An article from sister site TechRepublic, in Firefox's "Reader View" mode. (Credit: Screenshot: Tom McNamara/Download.com)

You've probably seen a lot of mobile apps adding a dark mode option lately, as it purportedly causes less eye strain at night than the usual bright-white interface. But alongside this is a trend within the web browser market toward streamlining text-heavy web pages for easier reading -- with a dark mode option built in.

Firefox, Safari and Microsoft Edge have sported this feature for some time, while Google Chrome (download for iOS or Android) has been a holdout. But word is trickling down from the Chrome developer team that the Windows and Mac versions of Chrome will be finally be getting a page declutter option of their own.

SEE: Google Chrome Review: How's the dominant king of web browsers holding up?

Google doesn't have an ETA for this update, so don't expect it to be included in the imminent release of Chrome 73. However, one of Download's staff is a regular user of a Chrome browser extension called Mercury Reader, which performs the same function -- though Google's in-house implementation may end up working better in the long run. We'll have to wait and see.

With a reading mode enabled in your browser, everything but article text is stripped away from a web page. Let's take the Reader View for Firefox (download for iOS or Android) as an example. When you load a compatible web page, the address bar will get a page icon at the far right. Click on this or tap your F9 key, and all but the article body disappears.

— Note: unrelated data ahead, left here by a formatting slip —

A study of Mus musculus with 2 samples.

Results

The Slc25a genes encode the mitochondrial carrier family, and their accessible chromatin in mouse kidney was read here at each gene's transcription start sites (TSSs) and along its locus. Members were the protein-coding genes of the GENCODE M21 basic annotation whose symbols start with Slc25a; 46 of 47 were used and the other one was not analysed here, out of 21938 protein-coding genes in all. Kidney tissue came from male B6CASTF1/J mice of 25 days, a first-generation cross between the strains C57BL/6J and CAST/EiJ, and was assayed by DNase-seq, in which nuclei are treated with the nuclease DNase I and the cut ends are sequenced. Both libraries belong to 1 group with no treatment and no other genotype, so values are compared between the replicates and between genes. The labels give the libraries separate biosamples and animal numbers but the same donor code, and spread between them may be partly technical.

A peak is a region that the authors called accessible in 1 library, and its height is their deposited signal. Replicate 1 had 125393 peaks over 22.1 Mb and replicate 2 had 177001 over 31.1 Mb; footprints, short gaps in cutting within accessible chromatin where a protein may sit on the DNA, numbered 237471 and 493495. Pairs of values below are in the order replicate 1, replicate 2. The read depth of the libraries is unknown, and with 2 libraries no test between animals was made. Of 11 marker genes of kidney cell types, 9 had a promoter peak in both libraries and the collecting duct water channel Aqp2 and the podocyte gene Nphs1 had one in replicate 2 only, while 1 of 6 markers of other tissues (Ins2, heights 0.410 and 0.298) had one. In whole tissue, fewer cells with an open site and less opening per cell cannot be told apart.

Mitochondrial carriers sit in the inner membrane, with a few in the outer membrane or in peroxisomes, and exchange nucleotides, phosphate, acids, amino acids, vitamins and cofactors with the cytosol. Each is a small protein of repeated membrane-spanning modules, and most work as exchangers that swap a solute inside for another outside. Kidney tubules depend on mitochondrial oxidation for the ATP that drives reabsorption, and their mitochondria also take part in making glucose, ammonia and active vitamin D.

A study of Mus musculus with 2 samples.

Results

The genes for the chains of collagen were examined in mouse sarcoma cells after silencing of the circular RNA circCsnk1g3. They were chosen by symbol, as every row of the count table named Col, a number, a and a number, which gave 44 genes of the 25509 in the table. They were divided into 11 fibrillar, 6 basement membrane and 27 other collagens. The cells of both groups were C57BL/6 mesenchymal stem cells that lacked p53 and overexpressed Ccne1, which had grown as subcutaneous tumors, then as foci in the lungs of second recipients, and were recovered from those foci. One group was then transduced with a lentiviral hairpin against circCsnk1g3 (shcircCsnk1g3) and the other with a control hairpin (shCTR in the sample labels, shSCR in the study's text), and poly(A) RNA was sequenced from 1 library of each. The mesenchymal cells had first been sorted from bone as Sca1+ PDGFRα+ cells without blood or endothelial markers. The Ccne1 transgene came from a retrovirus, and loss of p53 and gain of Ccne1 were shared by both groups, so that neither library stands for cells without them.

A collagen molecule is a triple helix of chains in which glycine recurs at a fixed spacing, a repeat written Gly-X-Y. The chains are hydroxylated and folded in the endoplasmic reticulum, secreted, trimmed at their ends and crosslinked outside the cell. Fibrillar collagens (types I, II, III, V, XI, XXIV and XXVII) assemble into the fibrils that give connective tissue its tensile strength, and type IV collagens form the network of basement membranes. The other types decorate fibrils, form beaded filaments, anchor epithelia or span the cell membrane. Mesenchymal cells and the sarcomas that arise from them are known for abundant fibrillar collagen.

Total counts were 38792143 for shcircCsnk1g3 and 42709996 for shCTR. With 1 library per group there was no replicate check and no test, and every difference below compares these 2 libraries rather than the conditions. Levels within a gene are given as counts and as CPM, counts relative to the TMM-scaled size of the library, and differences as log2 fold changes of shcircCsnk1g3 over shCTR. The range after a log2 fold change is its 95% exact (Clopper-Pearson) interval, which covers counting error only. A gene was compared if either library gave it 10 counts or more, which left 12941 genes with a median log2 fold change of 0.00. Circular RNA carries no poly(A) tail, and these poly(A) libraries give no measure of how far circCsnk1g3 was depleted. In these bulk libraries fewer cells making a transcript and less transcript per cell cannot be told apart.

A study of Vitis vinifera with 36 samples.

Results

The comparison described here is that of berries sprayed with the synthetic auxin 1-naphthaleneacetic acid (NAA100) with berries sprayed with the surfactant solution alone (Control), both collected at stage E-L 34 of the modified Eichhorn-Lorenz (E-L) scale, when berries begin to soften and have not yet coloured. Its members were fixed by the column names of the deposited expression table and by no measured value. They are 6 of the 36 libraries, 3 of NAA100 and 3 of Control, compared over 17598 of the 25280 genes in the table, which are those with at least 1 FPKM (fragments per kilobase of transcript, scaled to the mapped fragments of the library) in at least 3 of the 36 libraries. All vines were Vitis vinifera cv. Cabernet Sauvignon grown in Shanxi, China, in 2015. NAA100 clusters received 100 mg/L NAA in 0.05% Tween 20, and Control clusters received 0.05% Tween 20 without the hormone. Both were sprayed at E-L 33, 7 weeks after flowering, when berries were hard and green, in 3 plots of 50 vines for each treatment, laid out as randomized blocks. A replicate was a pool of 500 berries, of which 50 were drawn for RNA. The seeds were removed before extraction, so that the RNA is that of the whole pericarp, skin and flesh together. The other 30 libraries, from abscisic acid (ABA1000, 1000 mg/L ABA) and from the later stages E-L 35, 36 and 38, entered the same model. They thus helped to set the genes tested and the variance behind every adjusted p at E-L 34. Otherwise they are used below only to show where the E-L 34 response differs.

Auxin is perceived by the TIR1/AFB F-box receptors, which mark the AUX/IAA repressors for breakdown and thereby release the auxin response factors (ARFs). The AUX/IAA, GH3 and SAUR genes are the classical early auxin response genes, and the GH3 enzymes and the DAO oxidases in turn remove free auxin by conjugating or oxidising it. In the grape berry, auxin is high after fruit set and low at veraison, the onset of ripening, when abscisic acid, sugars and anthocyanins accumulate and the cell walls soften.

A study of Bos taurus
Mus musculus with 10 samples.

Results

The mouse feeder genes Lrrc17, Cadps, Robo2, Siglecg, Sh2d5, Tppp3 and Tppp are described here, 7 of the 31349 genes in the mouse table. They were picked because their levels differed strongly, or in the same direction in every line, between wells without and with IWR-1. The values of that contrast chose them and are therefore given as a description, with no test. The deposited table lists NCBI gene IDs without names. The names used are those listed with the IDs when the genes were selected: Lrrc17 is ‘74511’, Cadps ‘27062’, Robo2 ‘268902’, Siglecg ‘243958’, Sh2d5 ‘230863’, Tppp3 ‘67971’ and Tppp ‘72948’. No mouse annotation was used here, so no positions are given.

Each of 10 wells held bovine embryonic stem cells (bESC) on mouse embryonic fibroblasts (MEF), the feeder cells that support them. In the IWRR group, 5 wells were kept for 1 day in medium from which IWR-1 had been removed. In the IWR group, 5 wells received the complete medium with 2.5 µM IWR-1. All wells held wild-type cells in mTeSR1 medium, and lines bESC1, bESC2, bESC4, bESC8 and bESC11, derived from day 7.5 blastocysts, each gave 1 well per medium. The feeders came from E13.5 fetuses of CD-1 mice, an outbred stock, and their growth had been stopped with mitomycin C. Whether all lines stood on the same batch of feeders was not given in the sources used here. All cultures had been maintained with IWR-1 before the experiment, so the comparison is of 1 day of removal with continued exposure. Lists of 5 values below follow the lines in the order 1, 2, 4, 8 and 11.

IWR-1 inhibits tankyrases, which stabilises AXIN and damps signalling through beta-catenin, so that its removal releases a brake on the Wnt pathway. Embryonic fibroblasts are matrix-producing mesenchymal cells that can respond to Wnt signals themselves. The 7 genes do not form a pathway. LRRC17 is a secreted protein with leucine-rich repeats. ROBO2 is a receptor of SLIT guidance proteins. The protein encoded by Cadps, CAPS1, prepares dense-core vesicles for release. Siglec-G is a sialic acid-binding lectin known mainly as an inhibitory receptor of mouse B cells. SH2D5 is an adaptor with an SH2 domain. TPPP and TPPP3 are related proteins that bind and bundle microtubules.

With the Firefox version of Reader View, the page will show the name of the website at the top of the page as a clickable link, the article title, the author and even an estimated time to finish reading. Images within the article are retained, but everything else is cleared away.

If you want to see the regular version of the page, just click on the Reader View icon again, or tap that F9 key on your keyboard. Either way, be aware that the full version of a web page will be loaded no matter what mode you're viewing it in, so Reader View won't make a web page load faster or use less data. Embedded video clips may also not be cleanly hidden.


With Chrome's Mercury Reader add-on, your reading settings are accessible from a gray gear icon that it inserts in the upper-right of the page. Mercury Reader is more limited than Firefox's Reader View, because you can't adjust line spacing or paragraph width, but it should do in a pinch.

Takeaways

  • Various reports indicate that Google is planning on introducing a "reader view" to the desktop versions of its Chrome browser, which its competition has had for some time.
  • Reader modes strip away everything on a web page except for the article and the images embedded within it. This can make an article easier to read and navigate -- and a browser with this mode can also let you display light text on a dark background, which may reduce eye strain at night.